BlackBerry revenue slump scares off investors

Blackberry Ltd. posted a lower-than-expected revenue decline to $793 million in the third quarter compared to $1.19 billion in the same quarter last year – a 34% slide. Shares in the company fell 5.6% to $9.50 in pre-market trading on the news as more investors chose to sell than to buy.

Cash flow improved in the third quarter to a positive of $43 million compared to a negative $36 million on the previous quarter. The company is aiming for a break-even cash flow by February 2015, which is the end of its fiscal 2015.

BlackBerry’s CEO John Chen said in a conference call with analysts on Friday that the quarter’s results were “not satisfying”. He added that he needs two more years to turn the company round and deliver increased sales.

Analysts pointed out that if the Canadian telecommunication and wireless equipment company can generate cash flow on considerably lower revenue, when sales rise it should deliver strong results.

Mr. Chen, who took over in 2013, turned the company’s focus towards providing software and security for corporations and government, as well as introducing new smartphones for corporate users, such as the Passport and the recently-launched Classic.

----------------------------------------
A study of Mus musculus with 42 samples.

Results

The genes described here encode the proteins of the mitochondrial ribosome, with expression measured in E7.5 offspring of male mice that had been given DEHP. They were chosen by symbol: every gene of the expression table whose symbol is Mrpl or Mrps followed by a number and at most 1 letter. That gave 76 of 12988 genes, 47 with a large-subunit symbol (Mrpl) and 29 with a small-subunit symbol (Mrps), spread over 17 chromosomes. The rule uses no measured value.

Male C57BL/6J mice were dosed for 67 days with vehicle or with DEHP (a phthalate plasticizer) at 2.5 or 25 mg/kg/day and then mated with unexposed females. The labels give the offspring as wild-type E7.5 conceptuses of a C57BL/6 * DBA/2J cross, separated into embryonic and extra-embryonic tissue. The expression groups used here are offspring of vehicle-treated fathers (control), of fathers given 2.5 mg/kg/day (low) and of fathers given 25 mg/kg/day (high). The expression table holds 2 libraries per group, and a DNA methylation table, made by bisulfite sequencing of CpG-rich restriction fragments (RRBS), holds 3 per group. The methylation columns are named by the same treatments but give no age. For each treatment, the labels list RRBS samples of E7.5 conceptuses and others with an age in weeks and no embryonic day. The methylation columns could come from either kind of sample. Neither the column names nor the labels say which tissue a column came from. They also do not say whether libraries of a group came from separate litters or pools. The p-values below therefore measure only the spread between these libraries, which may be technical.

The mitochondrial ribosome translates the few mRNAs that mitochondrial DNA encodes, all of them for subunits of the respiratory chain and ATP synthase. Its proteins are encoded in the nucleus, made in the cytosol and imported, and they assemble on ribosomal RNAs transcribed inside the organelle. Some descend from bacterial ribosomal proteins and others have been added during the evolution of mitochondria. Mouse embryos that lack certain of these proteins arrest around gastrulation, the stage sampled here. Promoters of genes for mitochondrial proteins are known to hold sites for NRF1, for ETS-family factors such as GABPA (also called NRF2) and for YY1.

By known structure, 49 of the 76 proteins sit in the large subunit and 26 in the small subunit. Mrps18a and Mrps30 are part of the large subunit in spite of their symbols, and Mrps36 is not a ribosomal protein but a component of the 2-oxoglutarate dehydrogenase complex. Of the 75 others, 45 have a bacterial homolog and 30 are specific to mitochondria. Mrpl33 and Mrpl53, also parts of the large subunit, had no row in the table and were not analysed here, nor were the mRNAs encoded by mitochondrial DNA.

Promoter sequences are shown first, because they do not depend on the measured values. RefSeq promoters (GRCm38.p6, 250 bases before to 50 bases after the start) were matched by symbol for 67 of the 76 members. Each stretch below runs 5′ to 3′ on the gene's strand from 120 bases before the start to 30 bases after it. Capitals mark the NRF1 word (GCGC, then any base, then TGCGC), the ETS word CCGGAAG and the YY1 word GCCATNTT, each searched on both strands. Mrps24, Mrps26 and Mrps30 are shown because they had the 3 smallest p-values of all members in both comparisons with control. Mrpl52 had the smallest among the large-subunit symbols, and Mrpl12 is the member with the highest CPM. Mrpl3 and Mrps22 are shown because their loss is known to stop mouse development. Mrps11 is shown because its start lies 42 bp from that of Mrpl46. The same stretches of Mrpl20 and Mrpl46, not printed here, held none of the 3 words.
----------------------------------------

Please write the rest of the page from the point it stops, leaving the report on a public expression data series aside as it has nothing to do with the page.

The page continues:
BlackBerry sold about 2 million smartphones in the third quarter, compared to 2.1 million in Q2. The square-screened Passport came onto the market in September. The company said it pre-sold 200,000 Passports within one week of its launch.

According to Mr. Chen, the new Classic is selling better than the Passport did soon after coming onto the market.

Blackberry Classic

According to BlackBerry, the Classic is “A no-nonsense smartphone built to meet the needs of productive people who appreciate the speed and accuracy that can be found with a physical QWERTY keyboard.”

Bloomberg news quoted Timothy Arcuri, a Cowen & Co. analyst, who wrote in a research note on Friday “Positive cash flow and stable net cash are clear positives, but software growth remains the critical driver of the long-term turnaround and near-term transition momentum is heavily reliant on hardware growth.”

In the third quarter, BlackBerry posted a $148 million net loss (28 cents per share), which is a huge improvement on its $4.4 billion loss ($8.37 per share) last year. The company ended Q3 with $3.1 billion in cash and equivalents.